Fire-Rescue International: Symposium Recap

Fire-Rescue International Symposium Recap

Fire-Rescue International: Symposium Recap

Firefighters and EMS Fund had the pleasure of once again attending the Fire-Rescue International conference, held this year in Atlanta, GA. Fire-Rescue International, or FRI, is the annual conference hosted by the International Association of Fire Chiefs, an organization founded over 140 years ago,  which boasts over 12,000 members of the international firefighting community.

On August 6th, fire and EMS professionals held an educational symposium that focused on emergency response and mental health issues within the first responders community. Speakers from across the country came together to pass on their knowledge and better equip first responders to tackle on-the-job issues. Some highlights of the symposium included:

Reverend Dr. Jason Cashing, an ordained minister at Gregory Memorial Presbyterian Church and chaplain for Prince County, Virginia, spoke about strengthening mental resilience and protecting oneself from “burn out” from stress.

Reverend Dr. Cashing highlighted the acronym “BREATHE”:

B- Breathe In

R- Rest

E- Exercise

A- Assist one another

T- Talk to someone

H- Hang in there

E- Exhale

Excess stress can lead to damaged personal relationships, substance abuse, and even suicidal ideations.

Firefighters and EMS Fund - Fire-Rescue International Symposium Recap

Jason Lovitz, an eight-year veteran of Norfolk Fire and Rescue, spoke about PTSD and coping with traumatic experiences. 

Some fire departments only provide coping resources to those individuals who respond to calls involving deaths, but trauma comes from many sources, and departments should work to expand their resources to care for all possible health disorders.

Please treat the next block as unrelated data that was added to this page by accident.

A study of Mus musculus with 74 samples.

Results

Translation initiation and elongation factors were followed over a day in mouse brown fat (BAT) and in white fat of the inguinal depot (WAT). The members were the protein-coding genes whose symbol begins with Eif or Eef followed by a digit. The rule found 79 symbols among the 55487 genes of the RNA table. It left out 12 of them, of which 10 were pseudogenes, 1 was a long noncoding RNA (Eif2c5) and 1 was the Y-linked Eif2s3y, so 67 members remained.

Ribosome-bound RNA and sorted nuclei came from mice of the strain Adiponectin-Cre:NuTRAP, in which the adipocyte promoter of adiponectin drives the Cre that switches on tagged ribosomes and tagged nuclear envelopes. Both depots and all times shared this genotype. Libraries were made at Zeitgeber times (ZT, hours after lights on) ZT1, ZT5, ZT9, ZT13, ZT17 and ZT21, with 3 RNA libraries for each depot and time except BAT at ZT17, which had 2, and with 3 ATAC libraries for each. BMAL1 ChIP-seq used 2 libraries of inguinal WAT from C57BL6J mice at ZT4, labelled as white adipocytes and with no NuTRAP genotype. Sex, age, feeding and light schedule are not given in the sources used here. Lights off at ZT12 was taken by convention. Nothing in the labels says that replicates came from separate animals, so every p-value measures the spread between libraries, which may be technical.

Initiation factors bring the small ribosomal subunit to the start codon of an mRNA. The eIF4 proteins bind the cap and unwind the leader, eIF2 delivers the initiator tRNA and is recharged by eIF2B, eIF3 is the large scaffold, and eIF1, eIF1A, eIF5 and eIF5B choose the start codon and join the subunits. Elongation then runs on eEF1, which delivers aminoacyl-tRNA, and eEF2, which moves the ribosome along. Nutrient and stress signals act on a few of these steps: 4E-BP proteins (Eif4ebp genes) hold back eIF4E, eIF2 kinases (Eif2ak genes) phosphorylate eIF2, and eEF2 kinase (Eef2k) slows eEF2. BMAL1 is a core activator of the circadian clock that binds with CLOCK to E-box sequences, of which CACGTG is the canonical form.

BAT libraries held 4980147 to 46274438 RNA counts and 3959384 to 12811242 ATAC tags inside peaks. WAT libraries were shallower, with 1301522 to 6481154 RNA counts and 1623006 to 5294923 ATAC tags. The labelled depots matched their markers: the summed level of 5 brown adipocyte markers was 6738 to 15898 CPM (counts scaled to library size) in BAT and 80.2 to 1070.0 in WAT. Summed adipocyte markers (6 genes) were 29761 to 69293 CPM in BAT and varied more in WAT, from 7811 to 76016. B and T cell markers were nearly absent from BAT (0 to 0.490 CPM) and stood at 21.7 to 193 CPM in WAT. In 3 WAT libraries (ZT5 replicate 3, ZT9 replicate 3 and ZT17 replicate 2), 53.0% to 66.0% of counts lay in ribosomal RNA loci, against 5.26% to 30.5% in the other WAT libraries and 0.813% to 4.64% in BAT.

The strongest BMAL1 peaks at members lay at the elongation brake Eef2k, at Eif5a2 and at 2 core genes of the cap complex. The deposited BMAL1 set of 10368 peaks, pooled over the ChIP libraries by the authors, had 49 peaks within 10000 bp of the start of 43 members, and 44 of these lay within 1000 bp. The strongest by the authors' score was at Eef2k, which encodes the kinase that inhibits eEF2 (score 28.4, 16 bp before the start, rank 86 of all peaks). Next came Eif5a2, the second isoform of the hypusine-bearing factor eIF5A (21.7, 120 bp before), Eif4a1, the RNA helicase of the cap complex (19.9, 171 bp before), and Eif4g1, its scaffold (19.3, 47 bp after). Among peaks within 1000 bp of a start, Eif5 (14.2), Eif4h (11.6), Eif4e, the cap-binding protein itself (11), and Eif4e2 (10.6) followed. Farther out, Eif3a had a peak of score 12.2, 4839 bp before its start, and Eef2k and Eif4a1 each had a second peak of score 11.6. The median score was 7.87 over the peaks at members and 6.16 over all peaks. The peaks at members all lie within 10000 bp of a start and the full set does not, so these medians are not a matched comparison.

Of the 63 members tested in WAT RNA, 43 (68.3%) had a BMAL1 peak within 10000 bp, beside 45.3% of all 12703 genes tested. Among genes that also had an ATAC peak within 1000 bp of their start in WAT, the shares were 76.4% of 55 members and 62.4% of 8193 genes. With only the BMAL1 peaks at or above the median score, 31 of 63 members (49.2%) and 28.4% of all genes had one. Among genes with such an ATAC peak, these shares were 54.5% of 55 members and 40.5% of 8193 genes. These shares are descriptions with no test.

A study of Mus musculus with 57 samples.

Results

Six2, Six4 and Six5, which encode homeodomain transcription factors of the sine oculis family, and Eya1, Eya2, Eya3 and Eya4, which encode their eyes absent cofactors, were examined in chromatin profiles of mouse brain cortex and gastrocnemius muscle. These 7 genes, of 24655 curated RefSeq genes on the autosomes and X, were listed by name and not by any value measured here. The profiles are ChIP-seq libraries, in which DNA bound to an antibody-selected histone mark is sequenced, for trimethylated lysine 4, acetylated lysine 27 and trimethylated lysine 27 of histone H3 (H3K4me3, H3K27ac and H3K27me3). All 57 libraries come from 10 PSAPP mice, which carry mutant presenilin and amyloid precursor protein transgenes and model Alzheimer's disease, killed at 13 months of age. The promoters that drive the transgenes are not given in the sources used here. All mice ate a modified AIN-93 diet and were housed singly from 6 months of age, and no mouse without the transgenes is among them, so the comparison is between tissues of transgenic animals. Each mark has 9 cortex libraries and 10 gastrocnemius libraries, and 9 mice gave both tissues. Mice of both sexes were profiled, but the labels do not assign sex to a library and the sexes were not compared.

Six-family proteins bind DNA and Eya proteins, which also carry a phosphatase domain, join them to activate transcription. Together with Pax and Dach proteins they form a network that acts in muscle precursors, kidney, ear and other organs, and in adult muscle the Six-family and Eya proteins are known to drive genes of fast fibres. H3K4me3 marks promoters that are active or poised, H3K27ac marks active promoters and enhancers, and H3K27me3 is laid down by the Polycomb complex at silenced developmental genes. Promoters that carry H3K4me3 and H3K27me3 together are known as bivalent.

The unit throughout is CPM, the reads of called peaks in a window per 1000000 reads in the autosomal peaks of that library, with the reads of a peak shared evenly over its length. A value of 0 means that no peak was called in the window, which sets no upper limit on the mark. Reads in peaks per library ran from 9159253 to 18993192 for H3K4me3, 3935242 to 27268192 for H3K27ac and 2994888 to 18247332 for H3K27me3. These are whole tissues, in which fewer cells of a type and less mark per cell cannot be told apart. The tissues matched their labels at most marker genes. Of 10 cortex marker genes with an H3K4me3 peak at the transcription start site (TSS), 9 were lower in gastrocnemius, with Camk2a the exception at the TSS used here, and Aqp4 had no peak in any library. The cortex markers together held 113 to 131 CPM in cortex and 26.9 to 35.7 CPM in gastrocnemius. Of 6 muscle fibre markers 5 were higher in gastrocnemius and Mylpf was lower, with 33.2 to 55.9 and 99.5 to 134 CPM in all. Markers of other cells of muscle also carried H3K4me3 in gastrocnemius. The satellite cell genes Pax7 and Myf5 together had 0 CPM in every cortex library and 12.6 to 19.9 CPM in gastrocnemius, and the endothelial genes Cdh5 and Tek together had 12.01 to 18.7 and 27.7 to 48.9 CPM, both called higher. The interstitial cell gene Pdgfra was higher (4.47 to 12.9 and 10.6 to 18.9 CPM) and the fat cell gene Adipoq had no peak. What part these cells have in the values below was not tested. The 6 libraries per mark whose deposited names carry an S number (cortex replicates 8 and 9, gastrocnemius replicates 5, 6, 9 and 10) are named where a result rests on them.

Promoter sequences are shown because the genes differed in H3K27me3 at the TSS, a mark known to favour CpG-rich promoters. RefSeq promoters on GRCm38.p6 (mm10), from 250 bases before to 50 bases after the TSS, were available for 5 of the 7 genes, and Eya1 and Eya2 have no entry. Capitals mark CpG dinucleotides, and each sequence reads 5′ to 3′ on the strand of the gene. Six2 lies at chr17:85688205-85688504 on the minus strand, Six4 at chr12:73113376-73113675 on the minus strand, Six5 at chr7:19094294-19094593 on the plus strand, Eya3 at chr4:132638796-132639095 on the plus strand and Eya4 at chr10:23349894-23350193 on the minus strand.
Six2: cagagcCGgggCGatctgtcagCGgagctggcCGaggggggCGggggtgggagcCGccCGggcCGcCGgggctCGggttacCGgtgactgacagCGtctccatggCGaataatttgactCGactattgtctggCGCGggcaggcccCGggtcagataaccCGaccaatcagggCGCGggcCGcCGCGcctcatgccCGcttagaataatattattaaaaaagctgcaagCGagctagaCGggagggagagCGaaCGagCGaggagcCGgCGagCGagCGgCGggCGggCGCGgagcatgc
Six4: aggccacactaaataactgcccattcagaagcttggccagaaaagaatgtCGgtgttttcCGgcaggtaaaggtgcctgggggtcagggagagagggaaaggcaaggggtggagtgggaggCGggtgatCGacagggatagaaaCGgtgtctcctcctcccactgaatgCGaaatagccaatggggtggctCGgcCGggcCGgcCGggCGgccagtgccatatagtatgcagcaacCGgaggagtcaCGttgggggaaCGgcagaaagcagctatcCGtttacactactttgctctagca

Dr. Mark Kruse from Front Line Behavioral Health, a psychologist with expertise in behavioral health and the assessment and treatment of trauma-related issues, echoed Mr. Lovitz statements, saying that firefighters often do reach out for help until someone they are close to put pressure on them to do so

The key to getting firefighters to open up is providing a safe and confidential environment in which to discuss their feelings. Mental health education should also be provided during fire academy training and continue throughout the firefighter’s career. 

In addition to these riveting speakers, the following experts also made presentations:

  • Matthew Marrieta, Deputy Fire Chief in Georgia
  • Judith Glick-Smith discussed leadership training
  • Dr. Hazedean Smith, originally from Jamaica and currently an Assistant Fire Chief from Orlando, Florida, presented research on the public’s attitude towards EMS officials 
  • Peter Sutterfield discussed disaster response procedures
  • Katelyn Kapalo spoke on the importance of pre-incident planning

We look forward to staying involved with FRI and IAFC in the future and can’t wait to attend our next symposium.